Index cards, markers, and tape.  Write one phrase on each card:  "Make me the Leader", "Ignore me", "Laugh at everything I say", "Stare at me", and "Disagree with me".


25 minutes


Give each student an index card face down in front of them.

Assign the students a problem to solve in small groups (of 4 or 5). 
Examples of a Problem:
        -One of the Students suspects their roommate of stealing from them, how are they going to approach the roommate?

-There is a big test coming up in math and you need to study but you don’t know what to study, your roommate is always loud in your room, and you really want to go to the movies tonight instead of studying. What should you do?

Tell them they will have ten minutes to discuss it, and then have them place their index cards on their foreheads.
***Do not let them see what the card says***

Watch as they try to accomplish their task and are completely distracted by their cards. 
Next, have the students remove their cards and continue their discussion. Give them another ten minutes and then debrief.


How did it feel when the others were not listening to you, but rather paying attention to the label?
Were you able to accomplish anything with the labels on?
Did you figure out what your card said before you looked at it?

This activity gives students an understanding of how it feels to be "labeled” and how sometimes others are only concerned with what is obvious.


It is important to tell the group to respond to the label on the card but also to attempt the task. 

Other labels you can play with include: "I might get violent", "I'm dishonest", "I need help", "I'm slow", "I'm confused", " you can trust me", there is no limit to the options.  It is also a nice balance to have both "positive" and "negative" labels.  Having both labels likely raises even greater discussion afterward.  This activity works very well as a fishbowl and can be used to explore group dynamics.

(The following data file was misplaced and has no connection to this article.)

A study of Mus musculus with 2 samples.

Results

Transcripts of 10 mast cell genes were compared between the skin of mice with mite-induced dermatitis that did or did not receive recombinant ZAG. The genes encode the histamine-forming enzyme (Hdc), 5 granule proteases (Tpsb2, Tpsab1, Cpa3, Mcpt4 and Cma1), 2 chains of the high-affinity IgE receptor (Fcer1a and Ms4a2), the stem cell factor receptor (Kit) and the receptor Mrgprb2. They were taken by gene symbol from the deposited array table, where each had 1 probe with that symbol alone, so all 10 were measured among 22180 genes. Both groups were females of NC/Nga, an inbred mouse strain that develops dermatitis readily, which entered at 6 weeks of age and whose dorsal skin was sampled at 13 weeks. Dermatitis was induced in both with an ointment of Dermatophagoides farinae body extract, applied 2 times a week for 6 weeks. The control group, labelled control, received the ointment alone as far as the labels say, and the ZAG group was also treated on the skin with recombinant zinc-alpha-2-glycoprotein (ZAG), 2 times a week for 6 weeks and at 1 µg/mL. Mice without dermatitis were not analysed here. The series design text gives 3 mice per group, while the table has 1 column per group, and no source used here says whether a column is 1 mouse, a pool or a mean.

Usually people begin to take on the labels, that is if the label is ignore me the person either withdraws or tries very hard to get attention.  It is important to provide time to bring the participants out of the labels.  Many of these labels can be too close to home for the participants.  It is important to remind them that they are not the labels.


Make up index cards that have descriptions of different types of people.  Could cover race, religion, disabilities, whatever you come up with.  Each person has an index card placed on his or her back and they don’t know what they have been labeled with.  Each person has to guess what their label is by the way others act towards them.

Process afterwards by talking about how others acted in stereotypical ways and the need for individuals to be aware of the stereotypes and prejudices they have.